If the mandate of pay TV (and increasingly TV in general) is to provoke and challenge conventions, then Showtime has surely done so with the premise and scheduling pattern of this 10-hour limited series about a terrorist cell in Los Angeles. It's rather in the implementation where "Sleeper Cell" becomes somewhat mundane -- essentially updating "White Heat," as an undercover agent infiltrates a ruthless gang, building toward a too-long-in-coming showdown.
If the mandate of pay TV (and increasingly TV in general) is to provoke and challenge conventions, then Showtime has surely done so with the premise and scheduling pattern of this 10-hour limited series about a terrorist cell in Los Angeles. It’s rather in the implementation where “Sleeper Cell” becomes somewhat mundane — essentially updating “White Heat,” as an undercover agent infiltrates a ruthless gang, building toward a too-long-in-coming showdown. As such, despite laudable elements — particularly the magnetic Oded Fehr as the cell leader — series is too uneven to dub this ambitious mission a complete success.
Making its debut during the pay net’s “free preview” weekend, the condensed exhibition window mirrors an old-fashioned miniseries, playing Sunday through Wednesday on successive weeks before culminating with a two-hour finale Dec. 18. In theory, it’s a savvy way to get the program noticed, during a stretch rife with holiday specs and reruns.
To its benefit, the narrative also uncomfortably echoes current events, including the notion of recruiting American Muslims via U.S. prisons (a similar effort was recently exposed) to execute terror strikes on U.S. soil.
In this case, however, the ex-con tapped by the terror ring, Darwyn (Michael Ealy), is really an undercover FBI agent assigned to penetrate the organization and get close to its mastermind, Farik (Fehr), who has assembled a strange roster of misfits. The band includes Tommy (Blake Shields), a blond-haired Berkeley youth; Ilija (Henri Lubatti), a Bosnian math whiz; and Christian (Alex Nesic), a French ladies’ man who drives a Hollywood tour bus.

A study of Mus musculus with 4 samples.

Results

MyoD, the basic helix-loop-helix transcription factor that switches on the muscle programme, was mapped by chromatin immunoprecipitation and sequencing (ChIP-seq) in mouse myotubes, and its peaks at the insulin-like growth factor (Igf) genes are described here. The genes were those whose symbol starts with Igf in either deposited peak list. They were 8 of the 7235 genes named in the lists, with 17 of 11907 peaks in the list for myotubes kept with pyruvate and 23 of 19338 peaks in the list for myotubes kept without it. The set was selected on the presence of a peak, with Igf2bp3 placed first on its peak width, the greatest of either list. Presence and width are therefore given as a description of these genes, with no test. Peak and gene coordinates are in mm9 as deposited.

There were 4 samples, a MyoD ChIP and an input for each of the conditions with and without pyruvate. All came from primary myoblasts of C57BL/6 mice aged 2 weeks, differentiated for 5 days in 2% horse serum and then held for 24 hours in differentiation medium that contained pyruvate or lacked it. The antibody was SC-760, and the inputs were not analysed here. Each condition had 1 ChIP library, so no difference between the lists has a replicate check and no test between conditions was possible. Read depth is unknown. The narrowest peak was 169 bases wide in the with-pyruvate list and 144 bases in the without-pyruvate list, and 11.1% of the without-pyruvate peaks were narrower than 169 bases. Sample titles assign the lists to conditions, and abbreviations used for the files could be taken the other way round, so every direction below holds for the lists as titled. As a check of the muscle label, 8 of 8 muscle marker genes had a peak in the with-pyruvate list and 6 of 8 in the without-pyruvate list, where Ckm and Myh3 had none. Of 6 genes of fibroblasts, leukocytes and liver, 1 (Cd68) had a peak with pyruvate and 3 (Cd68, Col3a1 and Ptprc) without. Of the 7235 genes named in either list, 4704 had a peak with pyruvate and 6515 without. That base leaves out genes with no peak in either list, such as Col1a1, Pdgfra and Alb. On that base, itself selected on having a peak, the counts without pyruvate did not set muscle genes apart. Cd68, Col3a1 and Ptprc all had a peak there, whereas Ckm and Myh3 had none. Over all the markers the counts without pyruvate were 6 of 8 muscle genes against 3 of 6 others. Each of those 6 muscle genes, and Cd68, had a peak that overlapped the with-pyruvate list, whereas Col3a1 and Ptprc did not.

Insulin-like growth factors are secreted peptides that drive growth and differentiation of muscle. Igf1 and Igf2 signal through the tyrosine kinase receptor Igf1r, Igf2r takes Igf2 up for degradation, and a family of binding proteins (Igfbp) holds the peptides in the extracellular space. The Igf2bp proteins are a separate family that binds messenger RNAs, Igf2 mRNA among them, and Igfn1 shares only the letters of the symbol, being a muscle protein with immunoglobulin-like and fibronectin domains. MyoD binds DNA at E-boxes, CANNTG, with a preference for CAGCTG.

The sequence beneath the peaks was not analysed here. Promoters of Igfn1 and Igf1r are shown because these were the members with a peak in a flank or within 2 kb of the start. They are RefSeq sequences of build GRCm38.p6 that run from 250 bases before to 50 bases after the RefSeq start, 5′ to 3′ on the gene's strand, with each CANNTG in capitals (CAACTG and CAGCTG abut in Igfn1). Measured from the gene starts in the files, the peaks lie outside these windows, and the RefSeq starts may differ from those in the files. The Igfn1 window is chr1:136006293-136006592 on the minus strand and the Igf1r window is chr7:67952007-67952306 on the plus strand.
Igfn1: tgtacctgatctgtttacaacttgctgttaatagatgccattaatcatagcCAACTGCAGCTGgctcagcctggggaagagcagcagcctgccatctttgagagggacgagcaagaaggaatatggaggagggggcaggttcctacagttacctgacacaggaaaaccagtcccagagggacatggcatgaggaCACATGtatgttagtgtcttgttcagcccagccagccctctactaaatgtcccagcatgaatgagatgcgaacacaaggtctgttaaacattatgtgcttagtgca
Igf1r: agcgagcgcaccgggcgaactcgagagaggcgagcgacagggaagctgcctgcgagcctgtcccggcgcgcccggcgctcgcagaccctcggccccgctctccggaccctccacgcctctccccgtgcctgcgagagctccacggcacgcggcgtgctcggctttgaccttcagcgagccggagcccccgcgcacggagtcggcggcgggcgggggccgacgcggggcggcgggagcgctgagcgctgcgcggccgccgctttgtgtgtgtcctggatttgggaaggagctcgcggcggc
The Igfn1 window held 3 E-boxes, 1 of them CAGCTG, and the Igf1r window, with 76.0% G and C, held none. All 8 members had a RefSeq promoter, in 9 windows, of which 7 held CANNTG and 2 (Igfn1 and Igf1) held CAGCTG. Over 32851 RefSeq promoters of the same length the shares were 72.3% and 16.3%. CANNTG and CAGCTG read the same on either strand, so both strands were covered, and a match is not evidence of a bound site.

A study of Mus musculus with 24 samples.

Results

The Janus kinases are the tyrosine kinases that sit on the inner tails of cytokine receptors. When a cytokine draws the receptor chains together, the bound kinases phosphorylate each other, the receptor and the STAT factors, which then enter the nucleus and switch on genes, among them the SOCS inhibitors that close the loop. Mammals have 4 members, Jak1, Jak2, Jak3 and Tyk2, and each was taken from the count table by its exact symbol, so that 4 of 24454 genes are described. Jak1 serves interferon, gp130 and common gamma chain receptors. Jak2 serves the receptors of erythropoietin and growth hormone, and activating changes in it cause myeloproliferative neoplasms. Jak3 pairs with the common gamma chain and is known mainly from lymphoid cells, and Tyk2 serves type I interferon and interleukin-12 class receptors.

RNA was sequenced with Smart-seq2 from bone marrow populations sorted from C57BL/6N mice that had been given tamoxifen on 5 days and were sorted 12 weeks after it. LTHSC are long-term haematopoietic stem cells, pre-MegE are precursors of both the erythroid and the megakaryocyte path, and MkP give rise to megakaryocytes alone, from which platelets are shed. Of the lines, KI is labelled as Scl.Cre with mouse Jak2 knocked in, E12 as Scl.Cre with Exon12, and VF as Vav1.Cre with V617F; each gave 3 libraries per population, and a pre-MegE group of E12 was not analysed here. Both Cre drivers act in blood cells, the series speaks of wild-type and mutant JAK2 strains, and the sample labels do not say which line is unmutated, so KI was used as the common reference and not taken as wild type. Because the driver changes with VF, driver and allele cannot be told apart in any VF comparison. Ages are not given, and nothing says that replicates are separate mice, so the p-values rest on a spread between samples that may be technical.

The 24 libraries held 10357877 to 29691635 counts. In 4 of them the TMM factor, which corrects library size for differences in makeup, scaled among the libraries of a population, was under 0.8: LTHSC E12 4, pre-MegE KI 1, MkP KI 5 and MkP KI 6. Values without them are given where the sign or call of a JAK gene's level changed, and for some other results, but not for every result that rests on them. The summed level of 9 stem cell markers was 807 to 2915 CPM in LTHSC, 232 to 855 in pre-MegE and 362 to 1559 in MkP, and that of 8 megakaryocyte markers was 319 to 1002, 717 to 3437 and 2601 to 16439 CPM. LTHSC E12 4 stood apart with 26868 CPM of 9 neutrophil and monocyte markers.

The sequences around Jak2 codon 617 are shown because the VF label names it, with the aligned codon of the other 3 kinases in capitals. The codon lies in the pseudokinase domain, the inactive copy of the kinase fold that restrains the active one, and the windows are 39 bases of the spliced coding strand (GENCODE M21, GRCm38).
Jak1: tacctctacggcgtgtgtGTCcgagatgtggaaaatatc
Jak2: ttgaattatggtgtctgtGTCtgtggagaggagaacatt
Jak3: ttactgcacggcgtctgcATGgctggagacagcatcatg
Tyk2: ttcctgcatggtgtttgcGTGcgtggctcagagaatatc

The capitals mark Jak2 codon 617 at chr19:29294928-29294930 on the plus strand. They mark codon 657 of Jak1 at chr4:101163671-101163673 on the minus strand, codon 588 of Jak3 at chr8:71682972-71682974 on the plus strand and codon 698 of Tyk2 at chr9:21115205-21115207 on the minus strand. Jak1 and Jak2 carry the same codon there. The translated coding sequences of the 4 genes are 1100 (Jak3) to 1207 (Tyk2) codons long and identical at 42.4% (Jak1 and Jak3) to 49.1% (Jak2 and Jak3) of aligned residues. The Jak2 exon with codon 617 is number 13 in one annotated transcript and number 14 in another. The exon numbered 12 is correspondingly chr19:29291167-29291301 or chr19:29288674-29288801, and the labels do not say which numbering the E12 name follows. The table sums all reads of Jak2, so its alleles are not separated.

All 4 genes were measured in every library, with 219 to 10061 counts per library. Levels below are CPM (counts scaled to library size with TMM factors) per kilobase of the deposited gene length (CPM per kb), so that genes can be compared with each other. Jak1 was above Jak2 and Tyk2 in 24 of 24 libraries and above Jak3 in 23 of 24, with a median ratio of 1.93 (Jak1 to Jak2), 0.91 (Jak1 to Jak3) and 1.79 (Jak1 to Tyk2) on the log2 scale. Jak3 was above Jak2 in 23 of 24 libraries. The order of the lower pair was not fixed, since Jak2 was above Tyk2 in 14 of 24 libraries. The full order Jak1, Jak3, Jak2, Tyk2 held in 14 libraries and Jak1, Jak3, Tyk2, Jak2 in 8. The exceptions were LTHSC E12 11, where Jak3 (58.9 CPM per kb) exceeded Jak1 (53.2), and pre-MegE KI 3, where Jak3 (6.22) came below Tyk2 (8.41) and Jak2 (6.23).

As with reports about the 9/11 hijackers, “Sleeper Cell” finds irony in how these jihadists “go native” while stationed here, from frequenting strip clubs to holding all-American outdoor barbecues. It’s at the latter where Darwyn meets Gayle (Melissa Sagemiller), a single mom with whom he foolishly becomes romantically entangled.
That rather cliched relationship, along with occasional heavy-handed snippets of dialogue, detract from the cat-and-mouse thriller that series creators Ethan Reiff and Cyrus Voris (“Bulletproof Monk”) have constructed, which proves initially engaging but sags in the middle episodes.
“I loved America, man,” Ilija says in discussing horrors inflicted in his country. “But you never came. Not for us.”
For what could be a political hot potato, the producers for the most part deftly straddle the line between drama and polemics about the nature of Islam. The tone toward the jihadists is by no means sympathetic, though the character development inevitably humanizes these extremist, would-be mass murderers as fathers and husbands who, in some of the better moments, sing karaoke, phone loved ones or indulge with prostitutes even as they prepare to sacrifice themselves.
Nor is the series without chilling flourishes, as Farik casually discusses the Rose Bowl, LAX and other potential targets. Aided immeasurably by Paul Haslinger’s score, certain sequences early on, in particular, are fraught with real tension.
Like many a cinematic heavy, Farik (who masquerades as a Jew) is ruthless and menacing, but equally seductive and charming. Fehr captures all of that, even saddled with a few too many “Death to America” tirades.
These various plusses, alas, are balanced by a surplus of negatives. Some of the situations, for example, feel forced or hackneyed. And in the weakest link, given how the project pivots on his role, “Barbershop” co-star Ealy simply doesn’t convey the grit or smarts necessary to sell his character. As constituted, both he and Darwyn seem over their heads, flashing pained expressions when making a sacrifice to protect his cover, while entering into the misguided dalliance with Gayle, birthing a parallel story line that’s at best a distraction.
Stripped of its politics, “Sleeper Cell” is primarily an intricate caper film, a crime yarn stretched out over 10 hours. Fairly or otherwise, however, the mere choice of subject matter requires it to connect on a deeper, more precise level that, ultimately, proves beyond its reach.